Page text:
Skill Position Players Still Have Work To Do Away From The Ball
By Matthew Marczi
The difference between the success and failure of a play comes down to the ability of skill position players to block more frequently than many people seem to realize. Since it tends to happen away from the ball, that’s understandable, but I think it’s time to take a look at some plays that illustrate the importance of the off-the-ball action for skill position players.
The Steelers were spoiled for years having Hines Ward at wide receiver, who blocked as well, and as passionately, as just about any other receiver in his era. Frankly, the Steelers are also spoiled to have Jerricho Cotchery, who is currently one of the best at his position as a blocker.
Remember this key third-down conversion early in the game? It wouldn’t have happened for Antonio Brown without Cotchery picking off the defensive back. Not to take anything away from Brown’s effort here, because the play was almost lost when Heath Miller failed to pick up his own block.
Emmanuel Sanders was the unsung hero of Brown’s second touchdown pass of the game, whose block all the way down the field gave his fellow receiver the space necessary to beat the rest of the coverage to the end zone.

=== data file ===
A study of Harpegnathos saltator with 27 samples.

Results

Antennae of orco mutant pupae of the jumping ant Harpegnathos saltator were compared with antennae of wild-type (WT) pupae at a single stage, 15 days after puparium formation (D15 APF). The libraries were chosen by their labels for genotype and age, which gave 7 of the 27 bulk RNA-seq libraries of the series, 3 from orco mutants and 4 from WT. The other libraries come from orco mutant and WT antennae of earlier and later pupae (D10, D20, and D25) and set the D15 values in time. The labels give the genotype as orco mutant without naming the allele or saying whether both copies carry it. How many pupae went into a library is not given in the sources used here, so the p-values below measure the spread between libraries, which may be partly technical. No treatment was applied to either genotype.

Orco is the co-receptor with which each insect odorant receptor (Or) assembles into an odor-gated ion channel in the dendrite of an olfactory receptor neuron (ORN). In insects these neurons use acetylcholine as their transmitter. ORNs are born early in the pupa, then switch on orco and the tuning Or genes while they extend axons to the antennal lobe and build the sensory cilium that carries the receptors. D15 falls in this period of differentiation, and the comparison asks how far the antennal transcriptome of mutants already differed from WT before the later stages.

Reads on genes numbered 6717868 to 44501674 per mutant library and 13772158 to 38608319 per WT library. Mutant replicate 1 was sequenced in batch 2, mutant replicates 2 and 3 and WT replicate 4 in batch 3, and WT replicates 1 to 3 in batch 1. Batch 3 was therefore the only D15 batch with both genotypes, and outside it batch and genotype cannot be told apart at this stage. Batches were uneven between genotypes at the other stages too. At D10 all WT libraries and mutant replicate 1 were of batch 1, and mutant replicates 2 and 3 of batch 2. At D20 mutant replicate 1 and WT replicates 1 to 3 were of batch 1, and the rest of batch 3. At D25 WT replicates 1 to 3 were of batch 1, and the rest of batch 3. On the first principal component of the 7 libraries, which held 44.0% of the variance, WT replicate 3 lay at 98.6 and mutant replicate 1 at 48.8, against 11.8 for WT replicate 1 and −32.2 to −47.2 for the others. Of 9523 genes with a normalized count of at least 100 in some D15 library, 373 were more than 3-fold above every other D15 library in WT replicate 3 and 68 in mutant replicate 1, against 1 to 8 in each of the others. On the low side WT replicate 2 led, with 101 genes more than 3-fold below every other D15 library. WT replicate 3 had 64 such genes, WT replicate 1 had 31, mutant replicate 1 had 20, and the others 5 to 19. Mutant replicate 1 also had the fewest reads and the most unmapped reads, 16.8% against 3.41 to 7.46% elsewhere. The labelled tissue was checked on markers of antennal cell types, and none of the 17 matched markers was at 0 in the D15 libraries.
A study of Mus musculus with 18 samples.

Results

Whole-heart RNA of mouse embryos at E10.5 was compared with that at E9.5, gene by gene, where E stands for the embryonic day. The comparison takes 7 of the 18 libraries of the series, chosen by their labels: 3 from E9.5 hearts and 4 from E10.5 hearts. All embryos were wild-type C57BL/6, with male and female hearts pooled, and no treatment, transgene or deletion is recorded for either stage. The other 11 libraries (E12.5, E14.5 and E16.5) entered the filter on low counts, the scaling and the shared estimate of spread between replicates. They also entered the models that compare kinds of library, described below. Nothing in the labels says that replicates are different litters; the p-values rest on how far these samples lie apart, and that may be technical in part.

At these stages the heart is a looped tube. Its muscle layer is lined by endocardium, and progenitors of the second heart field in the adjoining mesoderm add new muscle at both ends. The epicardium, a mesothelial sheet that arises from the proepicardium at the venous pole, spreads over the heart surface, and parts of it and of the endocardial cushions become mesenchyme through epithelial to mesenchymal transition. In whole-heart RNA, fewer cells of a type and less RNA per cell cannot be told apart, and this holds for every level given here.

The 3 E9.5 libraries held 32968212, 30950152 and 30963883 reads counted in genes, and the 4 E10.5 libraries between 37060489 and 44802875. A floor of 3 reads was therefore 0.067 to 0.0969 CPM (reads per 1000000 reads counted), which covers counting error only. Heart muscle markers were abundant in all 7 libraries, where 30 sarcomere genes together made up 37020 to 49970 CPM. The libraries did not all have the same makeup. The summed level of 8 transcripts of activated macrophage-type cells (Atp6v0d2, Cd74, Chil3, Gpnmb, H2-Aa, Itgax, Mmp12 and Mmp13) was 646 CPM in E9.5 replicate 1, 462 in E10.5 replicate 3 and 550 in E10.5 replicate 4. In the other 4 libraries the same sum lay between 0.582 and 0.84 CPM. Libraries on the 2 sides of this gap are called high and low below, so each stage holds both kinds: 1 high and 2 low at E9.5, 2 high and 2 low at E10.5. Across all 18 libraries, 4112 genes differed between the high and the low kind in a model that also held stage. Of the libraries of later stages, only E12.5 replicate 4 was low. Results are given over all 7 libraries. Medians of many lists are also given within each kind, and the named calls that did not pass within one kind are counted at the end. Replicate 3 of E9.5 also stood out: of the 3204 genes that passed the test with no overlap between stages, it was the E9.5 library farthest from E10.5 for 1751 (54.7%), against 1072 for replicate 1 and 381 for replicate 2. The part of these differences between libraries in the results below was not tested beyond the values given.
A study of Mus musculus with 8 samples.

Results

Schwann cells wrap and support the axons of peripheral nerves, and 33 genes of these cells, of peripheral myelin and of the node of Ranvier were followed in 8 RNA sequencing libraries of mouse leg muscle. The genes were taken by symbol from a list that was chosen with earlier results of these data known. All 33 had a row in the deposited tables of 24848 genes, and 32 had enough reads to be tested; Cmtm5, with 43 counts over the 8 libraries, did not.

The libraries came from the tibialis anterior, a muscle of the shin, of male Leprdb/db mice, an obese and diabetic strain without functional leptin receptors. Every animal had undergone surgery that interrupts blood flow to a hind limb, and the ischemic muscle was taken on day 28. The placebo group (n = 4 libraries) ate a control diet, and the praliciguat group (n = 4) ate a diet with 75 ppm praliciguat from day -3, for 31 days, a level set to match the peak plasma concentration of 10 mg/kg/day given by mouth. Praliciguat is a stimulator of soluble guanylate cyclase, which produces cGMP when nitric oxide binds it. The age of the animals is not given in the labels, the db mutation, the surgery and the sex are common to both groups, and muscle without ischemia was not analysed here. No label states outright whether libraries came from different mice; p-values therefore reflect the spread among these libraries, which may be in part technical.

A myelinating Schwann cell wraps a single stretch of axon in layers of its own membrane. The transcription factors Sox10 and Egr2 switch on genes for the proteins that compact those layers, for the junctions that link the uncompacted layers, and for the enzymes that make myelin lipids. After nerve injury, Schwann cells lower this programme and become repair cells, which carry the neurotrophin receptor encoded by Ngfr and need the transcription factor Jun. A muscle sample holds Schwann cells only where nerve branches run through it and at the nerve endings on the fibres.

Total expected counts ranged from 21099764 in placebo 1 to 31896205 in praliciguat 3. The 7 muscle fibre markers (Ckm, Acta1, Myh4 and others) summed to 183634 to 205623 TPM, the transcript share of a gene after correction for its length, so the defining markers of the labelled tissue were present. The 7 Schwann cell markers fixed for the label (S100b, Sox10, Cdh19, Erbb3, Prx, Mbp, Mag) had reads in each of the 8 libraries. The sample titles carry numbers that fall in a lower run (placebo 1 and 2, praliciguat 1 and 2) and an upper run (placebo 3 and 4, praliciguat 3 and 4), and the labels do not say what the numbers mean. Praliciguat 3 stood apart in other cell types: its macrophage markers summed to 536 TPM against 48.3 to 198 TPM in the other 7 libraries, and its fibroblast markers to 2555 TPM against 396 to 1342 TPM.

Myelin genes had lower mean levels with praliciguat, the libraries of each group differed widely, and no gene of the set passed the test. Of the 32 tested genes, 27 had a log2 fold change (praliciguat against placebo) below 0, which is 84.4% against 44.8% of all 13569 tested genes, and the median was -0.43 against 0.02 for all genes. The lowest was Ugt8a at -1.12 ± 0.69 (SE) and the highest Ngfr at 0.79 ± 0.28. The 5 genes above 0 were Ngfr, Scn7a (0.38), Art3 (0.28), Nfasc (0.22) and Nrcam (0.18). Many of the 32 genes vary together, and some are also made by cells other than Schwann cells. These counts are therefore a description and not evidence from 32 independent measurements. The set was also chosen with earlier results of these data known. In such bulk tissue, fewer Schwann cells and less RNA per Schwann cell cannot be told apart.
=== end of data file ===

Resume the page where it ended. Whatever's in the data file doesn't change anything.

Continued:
It’s not just the blocking, of course, that provides ball carriers with the space needed to operate. As this second-quarter pass to Markus Wheaton shows, a downfield route can clear an entire side of the field for another player to come in underneath and have room to run after the catch.
Wheaton is an appreciative young man though, and he was willing to pay it forward when the opportunity presented itself, as it did in the third quarter on a short-yardage situation for Le’Veon Bell.
It was just a short gain, but that is what the play was designed for, and the combined efforts of Miller, Cotchery, and Wheaton to the outside is what gave Bell the opportunity to fight for the first down one on one.
This is of course just a small sampling of the kinds of things that need to happen for skill position players away from the ball in order to produce successful plays. In basketball, it’s common to talk about a player’s awareness and acumen without the ball in his hands, about how he sets up plays and things of that nature. It’s a topic that should be discussed more in football as well, though television camera angles are often prohibitive to this end.